My grandmother used to say that “if it smells good it tastes good”, but science has increasingly discovered that if it smells good it may also be good for you.
A surprising fact about fruits and vegetables is that the substances that give them their appealing aromas (called “volatiles”) are manufactured on the same biochemical assembly line that produces the nutrients. In tomatoes for example, practically every one of the compounds that makes their fragrance and taste attractive is derived from a health-promoting nutrient.
Although tomatoes aren’t the only examples of this aroma-nutrient connection, they have been a focal point of much of the research on this subject. As in many natural foods, the attractive fragrance and flavor of a ripe tomato comes from a complex mixture of volatiles. However, the tomato also contains human nutrients including carbohydrates like fructose and glucose, small amounts of unsaturated fatty acids and essential amino acids, and micronutrients like vitamin A and lycopene. But what’s significant about this is that the tomato plant manufactures the fruit’s attractive volatiles from the nutrients that benefit us. For example, two of the tomato’s aroma volatiles, beta-ianone and a “heptanone”, are biosynthesized from vitamin A while most of the alcohols, ketones, and aldehydes that are also part of the mixture come from corresponding fatty acids, amino acids, or lycopene. Consequently, not only does the tomato produce human nutrients, it advertises their presence through the scent and flavor of its fruit. This yields a mutually beneficial quid-pro-quo in which we get nutrition and the plant gets to disperse its seeds. However, in some foods the link between nutrient content and aroma is broken, usually by human intervention.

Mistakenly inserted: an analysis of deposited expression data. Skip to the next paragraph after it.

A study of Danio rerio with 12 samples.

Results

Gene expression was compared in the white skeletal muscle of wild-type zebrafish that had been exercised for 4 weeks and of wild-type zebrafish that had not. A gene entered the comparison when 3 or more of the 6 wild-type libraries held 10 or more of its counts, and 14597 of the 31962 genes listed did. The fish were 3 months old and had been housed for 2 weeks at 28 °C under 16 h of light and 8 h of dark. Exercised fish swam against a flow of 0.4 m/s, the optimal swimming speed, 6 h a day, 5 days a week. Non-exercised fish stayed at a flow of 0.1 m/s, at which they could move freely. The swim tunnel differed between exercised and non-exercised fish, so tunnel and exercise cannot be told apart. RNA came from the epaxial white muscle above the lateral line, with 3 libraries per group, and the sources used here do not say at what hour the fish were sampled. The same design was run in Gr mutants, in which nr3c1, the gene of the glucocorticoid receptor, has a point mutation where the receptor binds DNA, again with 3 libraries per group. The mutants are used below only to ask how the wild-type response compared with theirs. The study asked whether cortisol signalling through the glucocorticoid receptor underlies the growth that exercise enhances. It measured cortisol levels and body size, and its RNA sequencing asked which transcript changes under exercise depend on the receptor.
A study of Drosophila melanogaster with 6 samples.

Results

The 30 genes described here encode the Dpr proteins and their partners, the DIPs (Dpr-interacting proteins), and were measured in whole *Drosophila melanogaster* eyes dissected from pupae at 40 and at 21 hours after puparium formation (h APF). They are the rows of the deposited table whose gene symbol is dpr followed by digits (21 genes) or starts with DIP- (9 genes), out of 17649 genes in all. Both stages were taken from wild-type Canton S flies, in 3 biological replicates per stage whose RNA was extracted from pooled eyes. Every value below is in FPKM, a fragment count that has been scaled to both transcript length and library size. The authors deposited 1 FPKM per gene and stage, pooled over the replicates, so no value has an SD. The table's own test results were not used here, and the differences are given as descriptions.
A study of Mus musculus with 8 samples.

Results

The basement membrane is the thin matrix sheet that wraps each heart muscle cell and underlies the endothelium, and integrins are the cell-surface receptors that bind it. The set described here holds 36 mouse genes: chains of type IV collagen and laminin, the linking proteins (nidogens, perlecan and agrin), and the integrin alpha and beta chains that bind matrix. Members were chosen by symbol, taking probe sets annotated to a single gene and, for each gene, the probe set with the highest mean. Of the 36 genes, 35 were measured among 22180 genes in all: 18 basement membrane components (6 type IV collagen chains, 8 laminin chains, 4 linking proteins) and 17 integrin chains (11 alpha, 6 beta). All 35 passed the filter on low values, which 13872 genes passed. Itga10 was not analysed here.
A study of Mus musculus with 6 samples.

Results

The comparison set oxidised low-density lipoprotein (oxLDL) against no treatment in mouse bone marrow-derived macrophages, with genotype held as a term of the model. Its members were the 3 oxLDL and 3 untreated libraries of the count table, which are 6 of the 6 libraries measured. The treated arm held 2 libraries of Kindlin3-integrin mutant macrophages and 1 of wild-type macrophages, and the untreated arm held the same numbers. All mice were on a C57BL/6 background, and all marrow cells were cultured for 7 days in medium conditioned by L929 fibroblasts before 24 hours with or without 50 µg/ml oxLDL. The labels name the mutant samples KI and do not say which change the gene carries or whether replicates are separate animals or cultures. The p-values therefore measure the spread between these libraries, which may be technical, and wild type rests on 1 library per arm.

For example, many of us have tasted or, more accurately, not tasted, varieties of cultivated tomatoes whose flavor has been bred away in attempts by farmers to increase shelf-life or crop yield. However, in many cases these fruits are no less nutritious than their more flavorful cousins. It is only that cultivation has inadvertently broken aroma-nutrient connection by disrupting the production of the volatiles from the nutrients.
On the other hand, the link can also be broken when the fragrance and flavor of a food advertise nutrients that really aren’t there. Good examples of this kind of disconnect are soft drinks and candies. These “foods”, have plenty of flavor, but that flavor has little to do with nutritional content.
The take-home lesson is that grandma was right, but only when it comes to natural foods. For others, a pleasant aroma (or lack of it) might just be false advertising.
By Dale E. Vitale, PhD Chemistry-Physics Dept. Kean University
Goff, S.A. and Klee, H.J., Plant Volatiles: Sensory Cues for Health and Nutritional Value?, Science 2006, 311, 815-819.
Klee, H.J., Improving the flavor of fresh fruits: genomics, biochem- istry, and biotechnology, New Phytologist 2010, 187, 44-56.
USDA, National Nutrient Data- base, http://www.nal.usda.gov/ fnic/foodcomp/search/, accessed 03/04/2011.
Stephanie Ronco has been editing in a professional capacity for the past 10 years. In addition to her work as an editor, Ronco has also served as a ghostwriter and writing tutor. A voracious reader, Ronco loves watching language evolve and change. When she’s not delving into her latest project, Ronco can be found teaching acting classes, performing in community theater, or sailing with her husband.